Who Defines Value?
The relative value of cancer care has become the major debate in oncology over the past few years. The rising costs of treatment, along with increasing out-of-pocket costs for patients, have sparked a debate about what is “reasonable” treatment for all involved. As a nonprofit patient assistance foundation, Patient Services provides financial assistance to patients who have great challenges in accessing their treatments because of the high costs. Of note, most of those who receive assistance from our foundation are insured.
There is a new catchword being utilized today, pointing to those who are “underinsured.” Just because a patient is insured does not guarantee that he or she will be able to afford the treatment. Our company has seen over recent years that more and more cost is being shifted to patients as a result of a number of factors.
A joint study from USA Today, the Kaiser Family Foundation, and the Harvard School of Public Health showed that approximately 33% of patients have either used up all or most of their savings because of the high costs of their cancer drugs or had a problem affording basic necessities (eg, food, heat, or housing) as a result of their cancer.1 Some of the recent treatments in oncology have provided a revolutionary benefit to patients, but they have come with an extremely high cost. These treatments for patients with whom we work may be thousands of dollars monthly. For patients with middle-class incomes (or even for some with generous incomes), these costs are impossible to absorb. Payers are seeking to minimize their liability in absorbing the high costs of these drugs by increasing cost-sharing for patients (who are the most vulnerable).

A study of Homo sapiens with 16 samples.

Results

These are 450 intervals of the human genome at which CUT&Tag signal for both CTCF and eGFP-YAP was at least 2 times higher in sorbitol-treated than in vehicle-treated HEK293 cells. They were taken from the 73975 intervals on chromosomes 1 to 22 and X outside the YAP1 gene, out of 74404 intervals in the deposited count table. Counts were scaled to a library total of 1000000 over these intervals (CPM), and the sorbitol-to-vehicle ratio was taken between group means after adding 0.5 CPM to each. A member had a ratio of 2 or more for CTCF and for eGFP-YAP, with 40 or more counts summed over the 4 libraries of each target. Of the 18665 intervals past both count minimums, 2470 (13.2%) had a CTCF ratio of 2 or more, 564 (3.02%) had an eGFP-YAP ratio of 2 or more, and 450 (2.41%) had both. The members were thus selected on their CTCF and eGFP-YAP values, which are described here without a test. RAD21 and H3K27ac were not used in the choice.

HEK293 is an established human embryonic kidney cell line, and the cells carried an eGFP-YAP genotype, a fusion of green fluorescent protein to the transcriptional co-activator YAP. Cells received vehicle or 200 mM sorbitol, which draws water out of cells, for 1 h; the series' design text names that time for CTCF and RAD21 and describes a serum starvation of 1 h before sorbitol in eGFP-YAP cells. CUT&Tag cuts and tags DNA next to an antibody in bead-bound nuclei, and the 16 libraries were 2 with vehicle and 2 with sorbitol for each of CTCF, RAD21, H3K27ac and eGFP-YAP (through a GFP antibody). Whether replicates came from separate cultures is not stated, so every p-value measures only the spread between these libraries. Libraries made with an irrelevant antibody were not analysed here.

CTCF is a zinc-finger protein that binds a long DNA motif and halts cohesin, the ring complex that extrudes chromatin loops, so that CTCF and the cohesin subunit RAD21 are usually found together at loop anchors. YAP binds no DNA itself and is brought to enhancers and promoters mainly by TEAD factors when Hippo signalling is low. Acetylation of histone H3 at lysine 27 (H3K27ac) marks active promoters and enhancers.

The key question is—how does one define value? Is it efficacy of treatment? Is it minimal side effects? Is it increased life span? Is it quality of life? Is it simply cost-effectiveness? This is a complicated question. The American Society of Clinical Oncology has developed a new framework statement on the cost of cancer care, which provides some guidelines to facilitate a discussion by all parties involved.2
A better understanding of these issues will be important to have better access to treatment; however, it is important to keep in mind that no matter how good the treatment is, it is useless to patients if they cannot afford to access it.
- Kaiser Family Foundation, Harvard School of Public Health. The USA Today/Kaiser Family Foundation/Harvard School of Public Health National Survey of Households Affected by Cancer. November 2006. https://kaiserfamilyfoundation.files.wordpress.com/2013/01/7590.pdf. Accessed July 8, 2015.
- Schnipper LE, Davidson NE, Wollins DS, et al. American Society of Clinical Oncology statement: a conceptual framework to assess the value of cancer treatment options. J Clin Oncol. 2015 Jun 22. Epub ahead of print.